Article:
While the holdings of historical genealogical information have been centralized into three main sources – The General Register Office for Scotland, the National Archives of Scotland, and the Church of Scotland – there do exist other sources of information about Scottish ancestors.

LDS Family History Centers. Despite the country from whence your ancestors hailed, it seems that all roads in the vast world of genealogy eventually lead back to Salt Lake City. The Mormon Church may have a local branch Family History Center near where you live, so you may be able to search their holdings without leaving your home base. You may also be able to access their holdings through their genealogy site, www.familysearch.org. Here's what the LDS has:

Sources Covering Specific Localities

As an early step in your research, it is well worth your while to consult www.genuki.org.uk/big/sct/ for regional information on Scottish genealogy resources, broken down by county and parish. Local sources may have information that is unobtainable anywhere else, as well as records specialists available to assist you in your search.

Local Registrars. Every administrative district of Scotland may be a source of records for their area. If your family tree is rooted in one specific area, it may be more convenient to search locally than to make a pilgrimage to the GROS in Edinburgh. Local registrars may hold local area civil registrations and may offer access to indexes for the entire country. Likewise, local registrars may hold census returns for their own area and access to Scotland-wide indexes for the 1881, 1891 and 1901 censuses. When it comes to Old Parish Registers, the local registrars may offer countrywide OPR indexes as well as images of the actual documents for the local area.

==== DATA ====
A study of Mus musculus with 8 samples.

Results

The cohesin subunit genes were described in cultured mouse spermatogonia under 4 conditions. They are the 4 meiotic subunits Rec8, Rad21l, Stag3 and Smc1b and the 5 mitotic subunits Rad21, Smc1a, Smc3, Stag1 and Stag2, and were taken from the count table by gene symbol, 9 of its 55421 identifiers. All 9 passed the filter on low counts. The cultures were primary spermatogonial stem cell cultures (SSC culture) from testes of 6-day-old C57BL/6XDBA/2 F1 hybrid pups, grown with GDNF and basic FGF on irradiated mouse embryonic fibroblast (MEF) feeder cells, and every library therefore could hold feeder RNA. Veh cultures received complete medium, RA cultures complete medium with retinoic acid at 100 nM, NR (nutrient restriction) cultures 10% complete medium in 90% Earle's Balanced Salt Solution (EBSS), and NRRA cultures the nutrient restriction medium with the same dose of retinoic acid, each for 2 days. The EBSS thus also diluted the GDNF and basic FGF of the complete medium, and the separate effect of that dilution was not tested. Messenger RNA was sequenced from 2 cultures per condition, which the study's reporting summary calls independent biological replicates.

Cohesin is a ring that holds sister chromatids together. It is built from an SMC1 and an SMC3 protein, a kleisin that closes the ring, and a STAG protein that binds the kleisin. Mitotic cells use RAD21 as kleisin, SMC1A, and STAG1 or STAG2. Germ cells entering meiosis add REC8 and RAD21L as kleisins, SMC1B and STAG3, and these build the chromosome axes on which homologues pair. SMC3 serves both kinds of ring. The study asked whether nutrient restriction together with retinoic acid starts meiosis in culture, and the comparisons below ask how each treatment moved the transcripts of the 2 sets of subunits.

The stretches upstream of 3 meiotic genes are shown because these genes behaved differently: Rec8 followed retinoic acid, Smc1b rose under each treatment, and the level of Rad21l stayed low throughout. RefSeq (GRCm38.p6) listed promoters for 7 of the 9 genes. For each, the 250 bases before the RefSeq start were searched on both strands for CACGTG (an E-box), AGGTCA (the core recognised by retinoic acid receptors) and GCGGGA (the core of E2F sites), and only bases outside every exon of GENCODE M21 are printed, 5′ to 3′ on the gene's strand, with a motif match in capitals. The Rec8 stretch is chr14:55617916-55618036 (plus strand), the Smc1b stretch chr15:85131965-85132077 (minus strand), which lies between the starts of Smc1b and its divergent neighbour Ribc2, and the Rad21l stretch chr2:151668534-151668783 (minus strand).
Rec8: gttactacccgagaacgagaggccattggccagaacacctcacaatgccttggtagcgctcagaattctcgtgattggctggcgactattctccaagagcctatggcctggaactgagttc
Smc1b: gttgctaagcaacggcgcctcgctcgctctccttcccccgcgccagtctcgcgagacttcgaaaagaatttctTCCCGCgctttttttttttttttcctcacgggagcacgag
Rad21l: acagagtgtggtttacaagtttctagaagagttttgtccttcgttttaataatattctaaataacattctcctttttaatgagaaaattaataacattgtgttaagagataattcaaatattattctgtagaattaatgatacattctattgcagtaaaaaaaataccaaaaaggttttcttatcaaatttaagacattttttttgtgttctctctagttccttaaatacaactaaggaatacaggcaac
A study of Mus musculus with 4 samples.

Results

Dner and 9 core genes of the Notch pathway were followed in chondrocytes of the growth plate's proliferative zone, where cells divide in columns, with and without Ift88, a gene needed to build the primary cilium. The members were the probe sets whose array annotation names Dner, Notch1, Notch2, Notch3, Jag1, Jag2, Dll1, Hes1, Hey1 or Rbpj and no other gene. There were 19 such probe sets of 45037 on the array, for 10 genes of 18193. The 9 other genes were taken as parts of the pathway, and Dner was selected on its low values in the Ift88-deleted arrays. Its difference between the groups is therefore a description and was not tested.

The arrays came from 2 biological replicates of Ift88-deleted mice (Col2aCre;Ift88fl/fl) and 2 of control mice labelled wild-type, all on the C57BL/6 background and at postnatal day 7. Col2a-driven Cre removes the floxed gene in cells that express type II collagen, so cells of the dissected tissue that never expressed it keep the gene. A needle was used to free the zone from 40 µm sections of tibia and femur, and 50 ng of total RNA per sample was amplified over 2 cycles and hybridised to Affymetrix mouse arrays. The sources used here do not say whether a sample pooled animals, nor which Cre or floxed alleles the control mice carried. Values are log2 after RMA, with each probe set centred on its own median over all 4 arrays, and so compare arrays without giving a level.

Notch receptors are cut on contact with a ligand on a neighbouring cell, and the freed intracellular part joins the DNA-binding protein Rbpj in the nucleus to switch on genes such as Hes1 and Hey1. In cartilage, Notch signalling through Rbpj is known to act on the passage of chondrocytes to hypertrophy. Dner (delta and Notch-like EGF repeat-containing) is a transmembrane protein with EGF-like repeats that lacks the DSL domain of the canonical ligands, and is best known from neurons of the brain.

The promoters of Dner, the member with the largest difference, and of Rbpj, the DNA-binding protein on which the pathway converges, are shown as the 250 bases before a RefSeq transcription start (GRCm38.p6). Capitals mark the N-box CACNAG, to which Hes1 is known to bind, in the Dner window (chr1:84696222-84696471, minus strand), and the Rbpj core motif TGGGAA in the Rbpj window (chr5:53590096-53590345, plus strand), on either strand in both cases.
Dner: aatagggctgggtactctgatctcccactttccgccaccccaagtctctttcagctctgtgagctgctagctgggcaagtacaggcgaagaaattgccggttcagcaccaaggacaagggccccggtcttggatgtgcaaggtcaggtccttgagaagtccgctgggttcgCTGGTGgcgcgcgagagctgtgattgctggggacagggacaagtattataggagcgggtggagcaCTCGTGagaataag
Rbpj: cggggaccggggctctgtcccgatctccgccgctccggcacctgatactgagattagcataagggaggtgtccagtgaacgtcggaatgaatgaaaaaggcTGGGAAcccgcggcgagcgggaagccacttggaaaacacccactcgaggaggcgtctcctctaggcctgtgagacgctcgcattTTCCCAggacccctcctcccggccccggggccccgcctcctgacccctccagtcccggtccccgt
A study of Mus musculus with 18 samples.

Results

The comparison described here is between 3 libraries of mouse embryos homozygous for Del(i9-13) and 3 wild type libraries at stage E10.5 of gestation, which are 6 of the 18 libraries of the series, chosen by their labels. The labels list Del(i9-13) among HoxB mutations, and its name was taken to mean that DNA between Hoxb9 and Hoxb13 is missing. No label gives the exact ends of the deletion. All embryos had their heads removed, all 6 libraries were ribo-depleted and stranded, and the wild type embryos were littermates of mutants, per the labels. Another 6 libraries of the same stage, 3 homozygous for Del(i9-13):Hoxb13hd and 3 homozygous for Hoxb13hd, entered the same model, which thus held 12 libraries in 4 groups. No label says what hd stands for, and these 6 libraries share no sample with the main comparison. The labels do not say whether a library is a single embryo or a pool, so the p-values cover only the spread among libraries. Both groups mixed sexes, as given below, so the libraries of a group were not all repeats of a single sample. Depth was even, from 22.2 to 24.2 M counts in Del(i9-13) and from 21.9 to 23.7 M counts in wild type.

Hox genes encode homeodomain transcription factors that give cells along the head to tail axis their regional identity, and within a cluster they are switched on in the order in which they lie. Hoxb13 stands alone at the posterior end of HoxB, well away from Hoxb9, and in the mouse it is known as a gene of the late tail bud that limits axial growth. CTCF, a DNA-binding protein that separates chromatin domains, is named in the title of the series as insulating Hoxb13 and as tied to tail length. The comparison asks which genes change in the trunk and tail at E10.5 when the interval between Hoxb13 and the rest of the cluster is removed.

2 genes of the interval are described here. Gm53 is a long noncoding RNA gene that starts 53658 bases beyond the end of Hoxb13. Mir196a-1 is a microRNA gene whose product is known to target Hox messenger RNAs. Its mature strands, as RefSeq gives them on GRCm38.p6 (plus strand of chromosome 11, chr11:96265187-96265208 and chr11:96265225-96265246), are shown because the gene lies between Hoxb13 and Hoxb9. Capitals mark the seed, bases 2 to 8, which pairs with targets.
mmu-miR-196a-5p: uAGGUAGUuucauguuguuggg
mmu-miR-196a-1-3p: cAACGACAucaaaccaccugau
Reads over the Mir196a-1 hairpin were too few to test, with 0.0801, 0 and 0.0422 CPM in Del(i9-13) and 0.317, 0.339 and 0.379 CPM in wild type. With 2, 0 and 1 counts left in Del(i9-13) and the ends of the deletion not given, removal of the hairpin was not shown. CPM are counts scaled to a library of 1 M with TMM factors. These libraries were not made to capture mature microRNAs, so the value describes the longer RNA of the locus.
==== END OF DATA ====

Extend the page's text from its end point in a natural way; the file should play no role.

Local Authorities. The records of cemeteries that are still in operation are the responsibility of the local authorities. Contact them for any death/burial records that are not available elsewhere.

Local Archives. Local archives can be a rich source of varied information for their specific areas, including burial records, school records, church records, deeds, sasines, business-related records, family documents, and estate papers.

Local Libraries. Libraries will typically hold microfilm copies of 1841-1901 census returns, as well as the 1881 name index for their own area on microfiche. For OPRs, you may find the index on microfiche and images on microfilm for the local area. Libraries may also be a source for newspaper articles, obituaries, gravestone inscriptions, burial records, trade directories, voter rolls, military records, shipping records, local maps, and collections of historical photographs.

Family History Societies. There are may societies dedicated to preserving historical information for their given locality. These societies are playing a key role in developing local indexes of surnames and variants, which are of critical importance when searching 19th-century census returns and other records. Depending on the area, you may find among their holdings microfilm copies of local census data for 1841-1901; CD-ROMs of the 1881 census national index; the OPR index on microfiche, and the images on microfilm for their own area. Another project the local family history societies are particularly keen on is the documentation of headstone inscriptions from the local graveyards and other local genealogical information of interest to the society's membership.

One Final Note

In closing, we at the Celtic Network hope this genealogical primer has been useful in helping you get started tracing your Scottish roots. You can find more detailed information on Scottish genealogical searches in the many authoritative books that have been written on the subject. The website AnIrishChristmas.com features listings of recommended Scottish genealogy books.

Best of luck with your search for your Scottish ancestors!